China’s biggest iron ore suppliers are optimistic about Beijing’s plans to roll out policies and stimuli to buttress the steel industry as the country faces economic headwinds and a struggling property industry.
Last week, Beijing introduced more of such stimulus policies including an additional 300 billion yuan ($44 billion) in quotas for infrastructure spending and investments by banks — on top of the 300 billion yuan already announced at the end of June.
While there are uncertainties surrounding the strength of the demand and production of steel in China, miners such as Australia’s Fortescue Metals Group say there are so far no signs demand has crumbled given low levels of iron ore inventory at Chinese ports.
“The market is cyclical, it is generally determined by the outlook for steel production in China … and we saw China last year, produced just over a billion tons of crude steel,” Fortescue chief executive Elizabeth Gaines told CNBC’s “Capital Connection” on Monday, following the release of the company’s annual results.
“We think China is probably on track to produce a similar amount of crude steel in this calendar year.”
Iron ore is a key ingredient for steel making, while steel is a raw material in many of China’s industries including the property sector.
A softening in the demand and output of steel can point to weaknesses in the Chinese economy and hurt earnings for iron ore miners reliant on the Chinese market, the biggest iron ore consumer in the world.
Profits at China’s industrial firms grew at a faster pace in October, the statistics bureau said on Nov. 27, 2021, providing a buffer for a faltering economy battered by soaring raw material prices. Pictured here is a worker counting cast steel pipes to be shipped aboard at Lianyungang Port in Lianyungang, Jiangsu province of China.
Wang Chun | Visual China Group | Getty Images
Last year, China produced 1.033 billion tonnes of crude steel, the first yearly decline since 2016. National steel production for the first seven months of this year is down 6.4% year-on-year.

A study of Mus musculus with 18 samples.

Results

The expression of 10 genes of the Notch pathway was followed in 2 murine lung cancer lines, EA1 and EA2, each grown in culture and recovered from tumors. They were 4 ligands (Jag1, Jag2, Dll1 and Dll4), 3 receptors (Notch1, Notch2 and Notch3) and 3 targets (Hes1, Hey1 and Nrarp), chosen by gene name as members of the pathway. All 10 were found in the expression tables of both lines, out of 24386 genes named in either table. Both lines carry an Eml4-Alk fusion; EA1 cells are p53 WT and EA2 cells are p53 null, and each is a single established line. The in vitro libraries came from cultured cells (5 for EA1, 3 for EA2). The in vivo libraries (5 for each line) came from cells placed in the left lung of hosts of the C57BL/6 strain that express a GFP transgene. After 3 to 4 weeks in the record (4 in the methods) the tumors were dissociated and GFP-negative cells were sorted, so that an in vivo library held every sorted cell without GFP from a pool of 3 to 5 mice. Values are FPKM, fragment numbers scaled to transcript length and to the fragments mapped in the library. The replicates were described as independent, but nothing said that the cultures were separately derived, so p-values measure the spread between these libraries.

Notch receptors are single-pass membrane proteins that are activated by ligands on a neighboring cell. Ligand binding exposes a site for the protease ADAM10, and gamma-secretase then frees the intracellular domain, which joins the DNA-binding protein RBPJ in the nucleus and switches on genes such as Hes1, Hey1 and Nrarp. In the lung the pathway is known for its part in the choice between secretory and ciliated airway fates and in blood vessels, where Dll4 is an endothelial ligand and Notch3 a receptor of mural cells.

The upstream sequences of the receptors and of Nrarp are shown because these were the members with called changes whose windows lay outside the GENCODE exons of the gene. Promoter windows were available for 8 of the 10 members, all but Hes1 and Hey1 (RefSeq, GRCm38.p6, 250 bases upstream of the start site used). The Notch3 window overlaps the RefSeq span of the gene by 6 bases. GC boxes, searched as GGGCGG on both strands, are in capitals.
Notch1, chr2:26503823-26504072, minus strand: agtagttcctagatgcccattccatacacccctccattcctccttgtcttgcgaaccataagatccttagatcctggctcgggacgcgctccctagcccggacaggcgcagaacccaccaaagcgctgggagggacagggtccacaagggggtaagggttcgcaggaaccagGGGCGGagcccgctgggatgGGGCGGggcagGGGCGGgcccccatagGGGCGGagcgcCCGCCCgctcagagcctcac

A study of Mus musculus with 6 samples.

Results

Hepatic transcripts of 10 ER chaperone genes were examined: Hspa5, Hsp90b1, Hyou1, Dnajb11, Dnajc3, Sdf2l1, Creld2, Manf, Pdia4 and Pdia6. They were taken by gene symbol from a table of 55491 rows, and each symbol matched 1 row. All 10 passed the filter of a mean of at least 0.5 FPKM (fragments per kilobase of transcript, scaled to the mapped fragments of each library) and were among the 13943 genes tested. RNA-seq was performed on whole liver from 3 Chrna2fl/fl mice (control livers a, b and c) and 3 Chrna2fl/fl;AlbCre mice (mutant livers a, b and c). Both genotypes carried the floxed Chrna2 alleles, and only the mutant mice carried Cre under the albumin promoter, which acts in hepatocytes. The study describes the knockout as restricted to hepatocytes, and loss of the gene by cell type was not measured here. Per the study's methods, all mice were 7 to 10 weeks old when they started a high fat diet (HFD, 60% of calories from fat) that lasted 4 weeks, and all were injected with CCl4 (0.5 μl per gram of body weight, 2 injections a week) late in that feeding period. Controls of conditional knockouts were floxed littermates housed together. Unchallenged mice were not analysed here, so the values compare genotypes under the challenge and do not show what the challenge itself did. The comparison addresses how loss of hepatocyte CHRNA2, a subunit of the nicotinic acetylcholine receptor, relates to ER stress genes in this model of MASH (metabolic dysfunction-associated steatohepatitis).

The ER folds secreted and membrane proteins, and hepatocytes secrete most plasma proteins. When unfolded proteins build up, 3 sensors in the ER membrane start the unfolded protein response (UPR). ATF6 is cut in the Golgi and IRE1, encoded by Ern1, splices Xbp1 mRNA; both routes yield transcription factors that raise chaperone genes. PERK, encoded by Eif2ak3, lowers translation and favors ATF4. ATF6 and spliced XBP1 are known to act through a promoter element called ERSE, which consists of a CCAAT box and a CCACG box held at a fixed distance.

In its forecast late last year, the China Metallurgical Industry Planning and Research Institute said it was expecting China’s 2022 output to slow to 1.017 billion tonnes — roughly a 1.5% decrease from the year before.
Despite the volatile demand for steel in China so far this year due to Covid lockdowns, Fortescue’s iron ore supplies reached a record 189 million tonnes in its 2021/2022 financial year, allowing the company to hit its second highest earnings on record of $17 billion for the same period, financial results showed.
About 88% of Fortescue’s iron ore sales are to China.
The company’s earnings, however, fell short of last year’s $22 billion due to falling iron ore prices, which had reacted to the softening economic conditions in China this year.
A Fortescue spokesperson says that while there are uncertainties about China’s steel production, the company believed Beijing’s “increased infrastructure investment, ongoing government policy support and further relaxation of Covid-zero policies” will continue to drive steel demand and therefore, production.
Other key iron ore suppliers were also positive about China’s industrial sector.
Anglo-Australian BHP Chief Executive Mike Henry said during the release of BHP’s annual results two weeks ago that he expected China to be “a source of stability for commodity demand in the year ahead, with policy support progressively taking hold.”
He said even during major lockdowns in the second quarter of the year, Chinese furnace utilization rates – or steel mill activity – were resilient.
Expecting the recovery in the property sector to “take somewhat longer,” Henry said, however, there were tailwinds in China’s economy against the backdrop of weaker global conditions.
“So we believe, and continue to believe, that as China comes out of lockdowns, as there is a bit more stimulus provided, and all the policy settings that we see in China currently are aligned with that. Including recent meetings and what’s come out of those, that we will see a pick-up in the Chinese economy,” he said.
Brazilian miner Vale, another major iron ore supplier to China has also taken a positive view toward China.
Vale’s Executive Vice President Iron Ore Marcello Spinelli said during an earnings call in late July that he believed China is still committed to infrastructure investment even though there had been a delay. He also said Beijing is likely working toward resolving the property sector crisis.
“They are talking this week about property as a securities problem in China … so, there’s another level of commitment … and so we don’t see a hard land in the property, probably a soft land,” Spinelli said last month.